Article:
Queens leaders praise city’s effort to combat food insecurity during COVID-19 pandemic

The city's emergency food program has distributed more than 200 million free meals since the start of the COVID-19 pandemic. (Photo courtesy of the mayor's office)

Queens leaders are marking a milestone reached by a vital city emergency food program to combat hunger related to the COVID-19 pandemic.

GetFoodNYC has distributed 200 million free meals to New Yorkers as economic fallout from the coronavirus emergency continues to heighten the existing need of food support across the five boroughs.

“Food insecurity was a deep and real threat to Queens families struggling to make ends meet well before COVID-19 began,” Queens Borough President Donovan Richards said. “We are beyond grateful to our food pantries and community-based organizations, who heroically stepped up to feed thousands of families at a time during this unprecedented public health crisis GetFoodNYC has been a critical lifeline for Queens families in need, and we share in the programs’ mission to ensure that, during this crisis, New Yorkers don’t have to wonder where their next meal is coming from.”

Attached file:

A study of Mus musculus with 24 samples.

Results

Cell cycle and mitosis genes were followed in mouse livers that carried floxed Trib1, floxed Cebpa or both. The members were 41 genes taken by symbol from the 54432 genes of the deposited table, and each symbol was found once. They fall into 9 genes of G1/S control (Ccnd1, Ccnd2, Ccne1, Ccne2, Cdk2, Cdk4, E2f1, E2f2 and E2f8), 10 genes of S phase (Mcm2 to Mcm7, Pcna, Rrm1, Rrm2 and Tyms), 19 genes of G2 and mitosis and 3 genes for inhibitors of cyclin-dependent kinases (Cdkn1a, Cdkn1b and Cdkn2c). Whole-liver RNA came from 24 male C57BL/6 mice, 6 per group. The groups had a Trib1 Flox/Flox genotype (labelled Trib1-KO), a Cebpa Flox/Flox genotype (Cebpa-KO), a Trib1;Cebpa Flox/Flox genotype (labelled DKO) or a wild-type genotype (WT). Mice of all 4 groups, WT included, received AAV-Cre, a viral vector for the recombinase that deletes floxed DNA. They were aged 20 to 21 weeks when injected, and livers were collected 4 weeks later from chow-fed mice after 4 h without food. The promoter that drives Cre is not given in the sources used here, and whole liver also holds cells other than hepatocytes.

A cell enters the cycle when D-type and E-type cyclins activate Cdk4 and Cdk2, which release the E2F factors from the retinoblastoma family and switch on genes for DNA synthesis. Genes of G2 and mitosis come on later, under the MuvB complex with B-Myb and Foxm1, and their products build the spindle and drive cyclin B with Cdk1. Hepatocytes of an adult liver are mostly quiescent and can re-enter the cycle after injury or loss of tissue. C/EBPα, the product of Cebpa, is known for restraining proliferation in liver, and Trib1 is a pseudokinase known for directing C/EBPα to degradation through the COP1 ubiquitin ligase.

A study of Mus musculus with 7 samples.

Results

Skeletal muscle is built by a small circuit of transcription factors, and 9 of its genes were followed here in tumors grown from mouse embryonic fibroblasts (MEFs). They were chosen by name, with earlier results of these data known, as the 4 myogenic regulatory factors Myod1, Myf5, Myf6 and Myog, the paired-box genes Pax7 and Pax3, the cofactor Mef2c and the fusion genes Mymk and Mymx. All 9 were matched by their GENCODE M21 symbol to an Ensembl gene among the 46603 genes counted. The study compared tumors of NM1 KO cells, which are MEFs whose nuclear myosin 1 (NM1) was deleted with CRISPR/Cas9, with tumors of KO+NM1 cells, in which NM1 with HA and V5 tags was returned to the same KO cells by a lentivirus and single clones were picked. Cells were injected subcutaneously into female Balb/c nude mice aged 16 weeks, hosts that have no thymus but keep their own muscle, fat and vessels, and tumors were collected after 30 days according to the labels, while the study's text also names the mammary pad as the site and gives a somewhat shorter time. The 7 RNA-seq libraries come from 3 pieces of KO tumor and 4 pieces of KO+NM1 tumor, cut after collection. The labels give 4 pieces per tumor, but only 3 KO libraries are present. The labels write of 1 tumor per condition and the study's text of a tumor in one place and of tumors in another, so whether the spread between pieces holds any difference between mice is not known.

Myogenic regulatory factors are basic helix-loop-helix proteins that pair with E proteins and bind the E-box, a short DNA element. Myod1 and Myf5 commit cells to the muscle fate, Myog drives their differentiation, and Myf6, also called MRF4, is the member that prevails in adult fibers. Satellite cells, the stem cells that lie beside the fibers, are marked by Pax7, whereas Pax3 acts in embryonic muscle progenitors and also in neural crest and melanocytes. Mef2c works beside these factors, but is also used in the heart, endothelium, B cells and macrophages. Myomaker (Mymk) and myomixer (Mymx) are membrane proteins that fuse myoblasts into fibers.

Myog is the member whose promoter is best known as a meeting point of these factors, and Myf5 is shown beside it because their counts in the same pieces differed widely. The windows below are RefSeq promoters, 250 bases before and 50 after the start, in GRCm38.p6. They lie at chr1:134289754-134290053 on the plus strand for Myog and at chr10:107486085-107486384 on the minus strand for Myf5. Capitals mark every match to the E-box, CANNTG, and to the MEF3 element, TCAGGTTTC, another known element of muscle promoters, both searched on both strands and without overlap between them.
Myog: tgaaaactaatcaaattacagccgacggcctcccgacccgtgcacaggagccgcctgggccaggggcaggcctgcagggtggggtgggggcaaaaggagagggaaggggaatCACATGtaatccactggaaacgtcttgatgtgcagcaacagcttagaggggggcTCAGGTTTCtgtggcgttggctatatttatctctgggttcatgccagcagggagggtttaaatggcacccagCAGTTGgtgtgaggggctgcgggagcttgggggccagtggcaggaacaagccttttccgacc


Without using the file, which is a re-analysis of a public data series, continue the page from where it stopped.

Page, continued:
As part its pandemic response plan, the city created a number of programs, most visibly Grab & Go meals at hundreds of Department of Education sites provided , due to a combination of health and economic factors, without the need for sign-up or identification, and Emergency Home Food Delivery for people who could not go out, have no one to go out for them, and cannot afford private delivery options. These programs, which continue operating today, distributed the bulk of the 200 million meals.

“I represent the neighborhoods hardest hit by COVID-19 and this pandemic has exposed the many disparities that exist in our city none greater than access to food, Councilman Francisco Moya said. “We need to continue to put resources that will ensure everyone across the city from children to senior New Yorkers have access to food. Programs like GetFoodNYC and prioritizing funding for emergency food providers are critical as we work to recover from COVID-19. No one should ever have to worry about their next meal.”

The program has proven vital in southeast Queens, home to so many of the frontline workers that kept the city operating during the pandemic.

“COVID-19 has created an unprecedented level of food insecurity,” Councilman I. Daneek Miller said. “Communities of color have struggled as a food desert for years, and this pandemic has highlighted the need for access to affordable, healthy, and culturally competent food options. We are grateful for the swift action of the city to support New Yorkers in need, and for the partnerships that have allowed our local food pantries to remain well-stocked and meet these new levels of demand.”

Councilwoman Karen Koslowitz lauded the food program, as well as the people who have made it work for nearly a year.

“At the start of the pandemic, my office was inundated with calls from residents frantic about food insecurity,” Koslowitz said. “I thought at the time, that the task of addressing this problem was monumental, if not impossible. But Get FoodNYC got the job done. Kudos to all the individuals involved in making sure that New Yorkers didn’t go hungry.”